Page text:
Turkey's foreign minister on Saturday said that his country wants improved ties with Israel but that Israel must apologize and offer compensation for its raid on a Gaza Strip-bound aid flotilla in May in which nine Turkish citizens were killed.
"We have the intention of making peace with Israel," the state-run Anatolia news agency quoted Ahmet Davutoglu as saying during a meeting with a group of journalists in Istanbul. "We are for peace with all countries."
"Why should we want bad relations with a country with whom we are trying to broker peace," Davutoglu said in reference to Turkey's mediation between Israel and Syria in 2008, a role that won this NATO member international praise.
Israel and Turkey built strong military and economic ties over the past 15 years, and Turkey became Israel's closest ally in the Muslim world.
Relations between the two soured, however, with Turkey's Islamic-oriented government's increasingly vociferous criticism of Israel's treatment of Palestinians. They hit an all-time low in May, when nine Turkis activists were killed as Israeli naval commandos boarded a Gaza-bound ship that was trying to breach Israel's blockade of the Gaza Strip.
Turkey withdrew its ambassador from Tel Aviv and Turkish leaders denounced Israel repeatedly over the raid. Turkey has made an Israeli apology and compensation for the victims' families a condition for improved ties.
Israeli commandos said they opened fire in self-defense after meeting what they called unexpected resistance when they boarded the ferry carrying aid supplies to Gaza. Turkish Prime Minister Recep Tayyip Erdogan also wants Israel to end its blockade on the Gaza Strip. Israel and Egypt blockaded Gaza after the militant Islamic Hamas seized control there in 2007.
Israel wants Turkey to return its ambassador and remove the raid from the international agenda.
"Turkish citizens have been killed in international waters, nothing can cover up this truth," Davutoglu said. "We want to both preserve relations and defend our rights. If our friendship with Israel is to continue, the way for it is to apologize and offer compensation."
He spoke on the eve of the return of the raided Turkish ship, Mavi Marmara, to Istanbul. Pro-Islamic groups were preparing to welcome the ship in a ceremony Sunday.
The flotilla was trying to break the blockade, though Israel charged it was an orchestrated provocation. After the raid, Israel significantly eased import restrictions over land, and announced it would permit increased exports from Gaza.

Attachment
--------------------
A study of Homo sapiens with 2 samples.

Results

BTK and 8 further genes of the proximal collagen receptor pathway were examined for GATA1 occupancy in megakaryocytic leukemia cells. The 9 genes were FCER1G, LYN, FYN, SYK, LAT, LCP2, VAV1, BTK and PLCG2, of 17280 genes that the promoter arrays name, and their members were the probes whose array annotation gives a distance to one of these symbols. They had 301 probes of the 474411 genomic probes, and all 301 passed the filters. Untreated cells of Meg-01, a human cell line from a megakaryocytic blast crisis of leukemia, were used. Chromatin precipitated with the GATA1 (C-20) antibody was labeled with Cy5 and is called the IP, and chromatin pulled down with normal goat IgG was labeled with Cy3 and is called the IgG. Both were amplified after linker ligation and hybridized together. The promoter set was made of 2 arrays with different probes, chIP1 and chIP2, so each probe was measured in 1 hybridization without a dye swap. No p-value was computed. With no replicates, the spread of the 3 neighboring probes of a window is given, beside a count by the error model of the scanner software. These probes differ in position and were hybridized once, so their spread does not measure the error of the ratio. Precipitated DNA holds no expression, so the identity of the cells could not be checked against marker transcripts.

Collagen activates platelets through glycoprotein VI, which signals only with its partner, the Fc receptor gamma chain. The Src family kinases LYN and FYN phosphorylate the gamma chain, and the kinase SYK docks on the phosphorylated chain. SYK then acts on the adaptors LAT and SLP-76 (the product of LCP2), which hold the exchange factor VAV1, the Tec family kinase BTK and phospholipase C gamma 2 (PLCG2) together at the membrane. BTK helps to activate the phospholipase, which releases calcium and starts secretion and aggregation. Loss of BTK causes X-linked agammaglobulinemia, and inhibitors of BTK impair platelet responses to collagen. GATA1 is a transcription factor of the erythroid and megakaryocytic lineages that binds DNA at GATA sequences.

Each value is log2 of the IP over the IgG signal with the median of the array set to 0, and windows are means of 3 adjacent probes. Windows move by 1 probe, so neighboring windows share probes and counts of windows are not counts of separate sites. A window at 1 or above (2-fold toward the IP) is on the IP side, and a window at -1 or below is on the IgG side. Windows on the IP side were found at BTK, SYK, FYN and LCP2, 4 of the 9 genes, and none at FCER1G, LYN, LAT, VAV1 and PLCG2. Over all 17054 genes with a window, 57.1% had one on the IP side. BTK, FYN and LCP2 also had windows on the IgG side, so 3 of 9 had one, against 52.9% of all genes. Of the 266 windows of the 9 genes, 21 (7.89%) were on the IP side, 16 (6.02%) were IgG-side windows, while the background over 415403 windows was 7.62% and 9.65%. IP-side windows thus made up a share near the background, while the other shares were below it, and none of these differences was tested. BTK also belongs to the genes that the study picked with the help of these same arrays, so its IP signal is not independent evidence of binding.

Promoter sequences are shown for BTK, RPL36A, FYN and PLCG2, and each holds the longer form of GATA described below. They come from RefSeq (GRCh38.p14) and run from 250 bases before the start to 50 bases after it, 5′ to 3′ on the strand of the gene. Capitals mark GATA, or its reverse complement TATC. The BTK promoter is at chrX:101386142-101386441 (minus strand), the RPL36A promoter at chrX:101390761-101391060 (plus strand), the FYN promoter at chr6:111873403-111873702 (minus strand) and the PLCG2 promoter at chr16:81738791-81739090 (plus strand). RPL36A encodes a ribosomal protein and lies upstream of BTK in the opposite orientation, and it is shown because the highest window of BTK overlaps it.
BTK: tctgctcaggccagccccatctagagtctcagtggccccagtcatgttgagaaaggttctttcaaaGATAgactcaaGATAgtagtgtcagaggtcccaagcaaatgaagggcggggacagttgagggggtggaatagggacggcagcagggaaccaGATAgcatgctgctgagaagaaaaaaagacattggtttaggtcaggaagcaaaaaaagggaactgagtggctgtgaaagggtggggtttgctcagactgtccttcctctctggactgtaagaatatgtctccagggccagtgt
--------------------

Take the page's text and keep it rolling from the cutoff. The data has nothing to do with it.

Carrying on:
High-ranking Israeli and Turkish officials held two-days of talks in the Swiss capital, Geneva, aimed at mending ties after Turkey sent aircraft and firefighters to help Israel battle the Carmel forest fire earlier this month.
"We are having difficulties when it is not reciprocated," Davutoglu said of the Turkish gesture.
Israel responded to the remarks on Saturday, saying the country's record in sending humanitarian aid to Turkey speaks for itself and it "speaks in a much more truthful and friendly manner than this statement by the Turkish foreign minister," Israeli foreign ministry spokesman Yigal Palmor said.
"Israel gave Turkey assistance for earthquakes on two occasions as well as recent assistance offered that Turkey turned down," Palmor said.
He also said that Israel has never made it a mystery that it wants good relations with Turkey. "This has been our unchanged goal and remains so."
It has been reported that negotiations became deadlocked because of Israel's refusal to apologize for the killings of the activists and Turkey's refusal to promise to abstain from legal action against Israeli soldiers and declare that the soldiers acted in self-defense.
An Israeli official told Haaretz two weeks ago that the talks were "stuck" and that "differences are still great."
Nonetheless, he said it is still early to declare the talks dead and expected further discussions very soon.
In an interview published last Sunday in the Turkish newspaper Hurriyet, U.S. President Barack Obama urged Turkey and Israel to "do everything they can to repair their relations."